Madison, WI 53715-1007


Photograph of James Hermus
  • Major: Biomedical Engineering
  • Graduation Year: May 2016
  • Disability: Dyslexia

The Wisconsin Experience:

I have had quite the adventure at UW-Madison, making some of my best friends, working in cutting edge research groups, and just having fun - for example, by having nerf gun wars in the dorms.  I am profoundly dyslexic and use Kurzweil, a text to audio program, to read.  My dream is to utilize the skills acquired in overcoming my challenges to help others do the same. To do this I hope to work in a research lab designing prosthetic devices.  I am one of four co-founders and was 2 term Vice President of Advocates for Diverse Abilities (ADA), a disability awareness group on campus.  I think that the event I'm most proud of with ADA is the Assistive Technology Night which is an event where students with technological accommodations talk about how they use their devices and let others try them.  In the past we have had stations with people talking about how they use the following:  text to audio programs, assistive listening devices, seeing eye dogs, and power wheel chairs to name a few.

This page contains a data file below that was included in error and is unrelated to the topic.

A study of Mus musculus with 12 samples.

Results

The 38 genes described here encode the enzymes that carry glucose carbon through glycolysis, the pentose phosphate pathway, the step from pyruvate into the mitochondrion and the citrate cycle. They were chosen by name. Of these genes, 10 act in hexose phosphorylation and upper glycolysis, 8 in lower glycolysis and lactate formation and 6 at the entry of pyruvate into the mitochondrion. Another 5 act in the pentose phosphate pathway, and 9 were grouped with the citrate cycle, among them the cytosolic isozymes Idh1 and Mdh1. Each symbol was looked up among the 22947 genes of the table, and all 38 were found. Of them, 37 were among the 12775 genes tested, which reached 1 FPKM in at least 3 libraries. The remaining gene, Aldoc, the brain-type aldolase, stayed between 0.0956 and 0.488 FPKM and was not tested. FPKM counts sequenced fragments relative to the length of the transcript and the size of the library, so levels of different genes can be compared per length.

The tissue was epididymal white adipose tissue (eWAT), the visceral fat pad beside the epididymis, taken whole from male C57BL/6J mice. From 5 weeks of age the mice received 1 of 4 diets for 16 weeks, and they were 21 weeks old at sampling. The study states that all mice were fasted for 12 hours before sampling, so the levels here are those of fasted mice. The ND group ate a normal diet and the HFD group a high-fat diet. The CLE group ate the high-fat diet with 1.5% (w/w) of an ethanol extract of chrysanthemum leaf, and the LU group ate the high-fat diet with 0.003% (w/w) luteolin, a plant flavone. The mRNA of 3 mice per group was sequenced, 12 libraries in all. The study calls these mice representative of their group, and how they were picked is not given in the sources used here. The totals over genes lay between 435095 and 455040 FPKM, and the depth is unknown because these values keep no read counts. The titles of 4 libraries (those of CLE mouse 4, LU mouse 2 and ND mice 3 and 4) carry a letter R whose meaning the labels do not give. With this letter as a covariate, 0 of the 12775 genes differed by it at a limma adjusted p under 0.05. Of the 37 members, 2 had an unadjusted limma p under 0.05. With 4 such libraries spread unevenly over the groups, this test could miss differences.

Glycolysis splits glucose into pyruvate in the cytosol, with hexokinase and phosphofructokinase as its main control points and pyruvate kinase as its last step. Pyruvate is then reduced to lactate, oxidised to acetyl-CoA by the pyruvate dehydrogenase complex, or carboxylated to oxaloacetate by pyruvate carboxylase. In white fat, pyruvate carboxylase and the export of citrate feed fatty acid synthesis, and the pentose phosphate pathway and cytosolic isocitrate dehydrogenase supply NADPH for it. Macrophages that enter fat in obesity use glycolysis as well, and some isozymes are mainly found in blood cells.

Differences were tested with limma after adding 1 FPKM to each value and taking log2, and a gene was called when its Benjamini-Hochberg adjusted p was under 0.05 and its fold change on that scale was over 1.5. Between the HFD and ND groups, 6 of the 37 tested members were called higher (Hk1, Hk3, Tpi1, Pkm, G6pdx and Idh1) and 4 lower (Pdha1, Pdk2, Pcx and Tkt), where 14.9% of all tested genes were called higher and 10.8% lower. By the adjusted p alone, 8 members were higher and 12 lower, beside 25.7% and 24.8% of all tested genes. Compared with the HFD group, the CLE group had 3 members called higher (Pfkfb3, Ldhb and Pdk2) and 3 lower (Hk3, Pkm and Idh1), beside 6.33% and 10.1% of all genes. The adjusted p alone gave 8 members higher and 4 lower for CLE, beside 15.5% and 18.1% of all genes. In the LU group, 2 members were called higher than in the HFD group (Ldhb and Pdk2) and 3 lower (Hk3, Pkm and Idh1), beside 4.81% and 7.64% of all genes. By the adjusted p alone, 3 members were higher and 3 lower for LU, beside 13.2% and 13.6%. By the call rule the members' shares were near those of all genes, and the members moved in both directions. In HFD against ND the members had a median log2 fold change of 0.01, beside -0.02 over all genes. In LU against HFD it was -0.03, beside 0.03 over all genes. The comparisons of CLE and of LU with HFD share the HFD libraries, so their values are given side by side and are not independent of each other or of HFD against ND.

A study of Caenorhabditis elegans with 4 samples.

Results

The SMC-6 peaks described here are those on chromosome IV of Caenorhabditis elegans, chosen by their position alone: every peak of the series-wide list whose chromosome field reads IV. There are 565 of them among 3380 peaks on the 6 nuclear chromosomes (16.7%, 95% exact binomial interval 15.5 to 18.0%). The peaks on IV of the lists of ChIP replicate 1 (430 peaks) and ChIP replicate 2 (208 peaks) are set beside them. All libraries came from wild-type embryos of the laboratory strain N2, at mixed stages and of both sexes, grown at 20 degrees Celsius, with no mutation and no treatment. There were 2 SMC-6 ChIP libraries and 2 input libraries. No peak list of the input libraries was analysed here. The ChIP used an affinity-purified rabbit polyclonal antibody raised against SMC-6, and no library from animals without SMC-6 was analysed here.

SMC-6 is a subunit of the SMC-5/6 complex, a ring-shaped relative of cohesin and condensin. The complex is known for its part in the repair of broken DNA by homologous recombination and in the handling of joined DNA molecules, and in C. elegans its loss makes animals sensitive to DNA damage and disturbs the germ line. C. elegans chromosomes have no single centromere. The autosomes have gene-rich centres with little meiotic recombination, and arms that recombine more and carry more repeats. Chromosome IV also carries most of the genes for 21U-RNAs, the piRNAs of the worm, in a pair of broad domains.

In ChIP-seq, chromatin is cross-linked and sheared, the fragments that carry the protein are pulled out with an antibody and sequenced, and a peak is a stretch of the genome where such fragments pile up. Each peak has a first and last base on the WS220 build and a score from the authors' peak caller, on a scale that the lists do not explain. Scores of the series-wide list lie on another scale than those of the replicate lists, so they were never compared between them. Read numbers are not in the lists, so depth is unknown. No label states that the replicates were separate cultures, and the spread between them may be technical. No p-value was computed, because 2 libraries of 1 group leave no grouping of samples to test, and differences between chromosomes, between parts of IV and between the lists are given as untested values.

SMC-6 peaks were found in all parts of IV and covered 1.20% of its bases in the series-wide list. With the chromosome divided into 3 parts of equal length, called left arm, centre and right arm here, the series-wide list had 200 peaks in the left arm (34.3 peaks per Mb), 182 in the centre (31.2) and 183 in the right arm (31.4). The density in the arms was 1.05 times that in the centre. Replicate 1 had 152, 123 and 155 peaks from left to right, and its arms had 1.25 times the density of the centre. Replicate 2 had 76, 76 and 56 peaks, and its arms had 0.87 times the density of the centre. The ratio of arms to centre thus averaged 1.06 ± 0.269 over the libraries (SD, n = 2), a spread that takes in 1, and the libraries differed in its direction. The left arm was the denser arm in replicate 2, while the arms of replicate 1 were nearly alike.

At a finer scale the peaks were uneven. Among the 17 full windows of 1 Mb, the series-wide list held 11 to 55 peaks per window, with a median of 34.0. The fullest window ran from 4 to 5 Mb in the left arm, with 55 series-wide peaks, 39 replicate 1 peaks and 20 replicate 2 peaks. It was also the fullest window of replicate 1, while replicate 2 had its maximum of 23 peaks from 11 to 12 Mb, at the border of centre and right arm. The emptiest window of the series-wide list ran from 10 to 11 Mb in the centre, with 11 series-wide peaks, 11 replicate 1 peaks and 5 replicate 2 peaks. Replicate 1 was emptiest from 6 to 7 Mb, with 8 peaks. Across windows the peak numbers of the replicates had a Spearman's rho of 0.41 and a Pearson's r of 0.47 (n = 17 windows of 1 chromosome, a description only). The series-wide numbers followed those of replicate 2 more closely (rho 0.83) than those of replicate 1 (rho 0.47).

On the research side of things, I have worked in the Medical Physics Department with Dr. Charles Mistretta and Dr. Timothy Szczykutowicz on blood vessel imaging and fluence field modulation techniques for computed tomographic (CT) image reconstruction. I have had the opportunity to present my work at a couple conferences and publish several papers. At the end of my junior year, I joined Dr. Darrel Thelen’s Neuromuscular Biomechanics lab and have helped with anterior cruciate ligament (ACL) reconstruction research and helped to develop a new modality for measuring tendon stress.

Transitioning to the Future:

I will be attending the Massachusetts Institute of Technology (MIT) as a masters’ student in the department of mechanical engineering where I hope to pursue a PhD working on design of prosthetic devices to helped people with disabilities.

Advice to Graduating Seniors:

Follow your dreams and don't let anything stop you. "The brick walls are there for a reason. The brick walls are not there to keep us out. The brick walls are there to give us a chance to show how badly we want something" - Randy Pausch, The Last Lecture. I really like this quote because, for me, one of my brick walls has always been dyslexia; however, in so many ways it has also been what helped me over those walls.; I think everyone has a "brick wall" of their own in some way, but don't let that stop you.